Thanksigiving Day parade, Cimarron, 1936Kansans have been celebrating Thanksgiving since before statehood. Generally speaking, Thanksgiving in Kansas has been much like that holiday elsewhere, and as early as November 1860 Kansans spoke of observing the day "in accordance with tradition." However, in 1939, Kansans were asked to break with tradition when "Franksday" was proposed to them. "Frank" being Franklin D. Roosevelt, president of the United States.

In mid-August 1939, apparently at the behest of the National Retail Dry Goods Association, President Roosevelt proclaimed November 23, instead of the last Thursday of that month, that year's day of Thanksgiving. The idea was to provide an extra week for Christmas shopping. To the retailers the early holiday made perfect sense, and they claimed that the president accepted their idea "for one purpose only—to help business to help the unemployed and the general public.... An extra week in which to transact the Christmas business will mean much to every retailer. It will mean much to his employees. It will mean a great deal to the extra people that he employs. It will mean less hustle and confusion to the shopping public. These are human considerations well worthy of inclusion in our giving of thanks."

Not everyone recognized or accepted the entrepreneurial logic behind FDR's decision. Or, if they did, they did not believe the arguments were compelling enough to justify a break with "tradition."

Since state governors customarily confirmed the presidential proclamation with one of their own to make the holiday official within their respective jurisdictions, the upholders of tradition began petitioning chief executives across the country. In Kansas Governor Payne Ratner immediately came under intense pressure. Some urged him to follow the president's lead, but the vast majority insisted that he follow time-honored custom and go with the last Thursday of the month.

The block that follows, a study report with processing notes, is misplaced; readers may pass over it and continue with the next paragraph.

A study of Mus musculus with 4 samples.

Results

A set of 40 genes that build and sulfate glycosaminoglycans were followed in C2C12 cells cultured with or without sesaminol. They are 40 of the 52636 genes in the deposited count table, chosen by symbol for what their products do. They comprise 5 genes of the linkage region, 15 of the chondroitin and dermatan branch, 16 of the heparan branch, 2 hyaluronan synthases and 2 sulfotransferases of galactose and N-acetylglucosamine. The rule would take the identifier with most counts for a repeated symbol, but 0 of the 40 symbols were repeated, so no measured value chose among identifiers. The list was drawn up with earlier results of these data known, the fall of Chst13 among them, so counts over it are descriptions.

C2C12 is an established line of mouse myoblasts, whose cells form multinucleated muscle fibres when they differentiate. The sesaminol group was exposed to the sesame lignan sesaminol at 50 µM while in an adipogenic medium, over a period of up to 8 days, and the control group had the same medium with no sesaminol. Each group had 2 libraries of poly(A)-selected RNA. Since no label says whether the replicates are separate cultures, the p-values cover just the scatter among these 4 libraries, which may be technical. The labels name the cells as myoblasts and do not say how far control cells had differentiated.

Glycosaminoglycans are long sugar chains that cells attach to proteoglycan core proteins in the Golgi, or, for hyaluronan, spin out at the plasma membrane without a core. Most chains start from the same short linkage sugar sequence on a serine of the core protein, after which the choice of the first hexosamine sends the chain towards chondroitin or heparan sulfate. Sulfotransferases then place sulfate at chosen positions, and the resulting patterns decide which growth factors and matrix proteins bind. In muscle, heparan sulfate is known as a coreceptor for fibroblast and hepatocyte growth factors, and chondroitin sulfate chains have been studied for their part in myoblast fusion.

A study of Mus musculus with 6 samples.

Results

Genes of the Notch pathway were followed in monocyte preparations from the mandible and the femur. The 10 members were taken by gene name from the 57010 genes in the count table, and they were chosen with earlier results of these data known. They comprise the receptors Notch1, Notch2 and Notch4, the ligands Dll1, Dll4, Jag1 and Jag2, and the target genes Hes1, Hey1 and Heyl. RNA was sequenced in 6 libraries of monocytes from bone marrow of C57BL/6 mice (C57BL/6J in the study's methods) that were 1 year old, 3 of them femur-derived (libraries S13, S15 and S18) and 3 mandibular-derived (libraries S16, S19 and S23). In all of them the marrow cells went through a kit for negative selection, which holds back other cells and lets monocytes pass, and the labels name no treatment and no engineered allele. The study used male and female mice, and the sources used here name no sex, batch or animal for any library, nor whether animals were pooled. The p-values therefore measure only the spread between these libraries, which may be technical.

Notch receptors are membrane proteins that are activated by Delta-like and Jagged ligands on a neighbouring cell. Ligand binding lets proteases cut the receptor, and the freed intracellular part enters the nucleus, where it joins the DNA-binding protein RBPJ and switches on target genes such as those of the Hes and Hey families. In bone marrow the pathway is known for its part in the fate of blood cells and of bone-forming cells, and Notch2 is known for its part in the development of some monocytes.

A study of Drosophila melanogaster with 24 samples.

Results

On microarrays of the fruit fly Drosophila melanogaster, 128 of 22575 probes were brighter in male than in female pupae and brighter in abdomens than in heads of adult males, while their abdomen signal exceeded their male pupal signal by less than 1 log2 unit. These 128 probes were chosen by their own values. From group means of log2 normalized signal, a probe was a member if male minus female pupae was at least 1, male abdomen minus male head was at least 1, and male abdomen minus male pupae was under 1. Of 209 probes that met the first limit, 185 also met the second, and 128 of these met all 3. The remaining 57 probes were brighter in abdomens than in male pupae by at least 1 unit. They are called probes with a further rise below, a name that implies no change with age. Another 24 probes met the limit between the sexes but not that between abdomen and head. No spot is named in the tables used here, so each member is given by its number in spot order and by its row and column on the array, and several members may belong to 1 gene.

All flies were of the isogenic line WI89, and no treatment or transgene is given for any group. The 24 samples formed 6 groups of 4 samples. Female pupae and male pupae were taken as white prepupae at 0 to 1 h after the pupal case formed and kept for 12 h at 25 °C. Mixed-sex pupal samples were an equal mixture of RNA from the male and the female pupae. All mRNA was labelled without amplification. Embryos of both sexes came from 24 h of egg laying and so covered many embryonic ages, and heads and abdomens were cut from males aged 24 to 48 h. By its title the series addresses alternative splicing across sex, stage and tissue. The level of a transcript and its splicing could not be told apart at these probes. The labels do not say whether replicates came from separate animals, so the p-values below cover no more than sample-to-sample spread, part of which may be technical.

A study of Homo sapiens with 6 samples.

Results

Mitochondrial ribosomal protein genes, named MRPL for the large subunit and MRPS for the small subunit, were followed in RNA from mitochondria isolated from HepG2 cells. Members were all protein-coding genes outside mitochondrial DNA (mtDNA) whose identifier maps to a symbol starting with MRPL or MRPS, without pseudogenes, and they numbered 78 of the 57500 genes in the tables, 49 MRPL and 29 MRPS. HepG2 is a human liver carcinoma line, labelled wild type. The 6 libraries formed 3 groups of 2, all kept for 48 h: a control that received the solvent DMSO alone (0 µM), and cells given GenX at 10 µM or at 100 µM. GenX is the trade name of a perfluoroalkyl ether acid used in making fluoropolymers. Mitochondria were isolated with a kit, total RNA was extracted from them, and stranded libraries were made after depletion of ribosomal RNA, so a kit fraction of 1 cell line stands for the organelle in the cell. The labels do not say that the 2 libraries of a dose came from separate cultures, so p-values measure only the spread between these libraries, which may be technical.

Initially, the governor himself was ambivalent. "I'm more interested today in getting this crude oil price problem settled right so we'll have something to be thankful for," he wrote on August 15. "It doesn't make much difference to me whichever day we observe Thanksgiving." Within two weeks, however, Ratner had changed his mind. Encouraged by the actions of several other governors and the entreaties of numerous constituents, the Kansas governor announced that in the Sunflower State "we do not destroy tradition merely to gain newspaper headlines." Besides, people had made plans and scheduled events, such as the Kansas-Missouri football game, with a November 30 Thanksgiving in mind. The Kansas Republican governor was not about to inconvenience fans so that the Democratic president, who had kept "business on a starvation diet considerably lacking in the vitamins of governmental co-operation and encouragement," could now toss them a crumb "in the form of an alleged opportunity to increase Christmas shopping."

Buoyed by Kansans who believed "President Roosevelt's announcement smacked of Dictatorship" and that by smashing the Thanksgiving tradition he was angling for "a third term," Ratner remained defiant. Through two more Thanksgivings, Kansas was counted among the official hold outs, while neighboring Missouri celebrated FDR's "early Thanksgivings." In reality, some Kansans took advantage of the controversy and partook of the holiday fare on both days.

Prior to the 1941 holiday, however, Roosevelt announced that Thanksgiving 1942 would "fall on the traditional last Thursday of November." In light of the winds of war that swept in within weeks of this announcement, it was a good thing. Americans found things to be thankful for in November 1942, but they were in no mood for a continuation of the "early" or "traditional" Thanksgiving Day quarrel.

Entry: Thanksgiving in Kansas

Author: Kansas Historical Society

Author information: The Kansas Historical Society is a state agency charged with actively safeguarding and sharing the state's history.

Date Created: April 2009

Date Modified: July 2011

The author of this article is solely responsible for its content.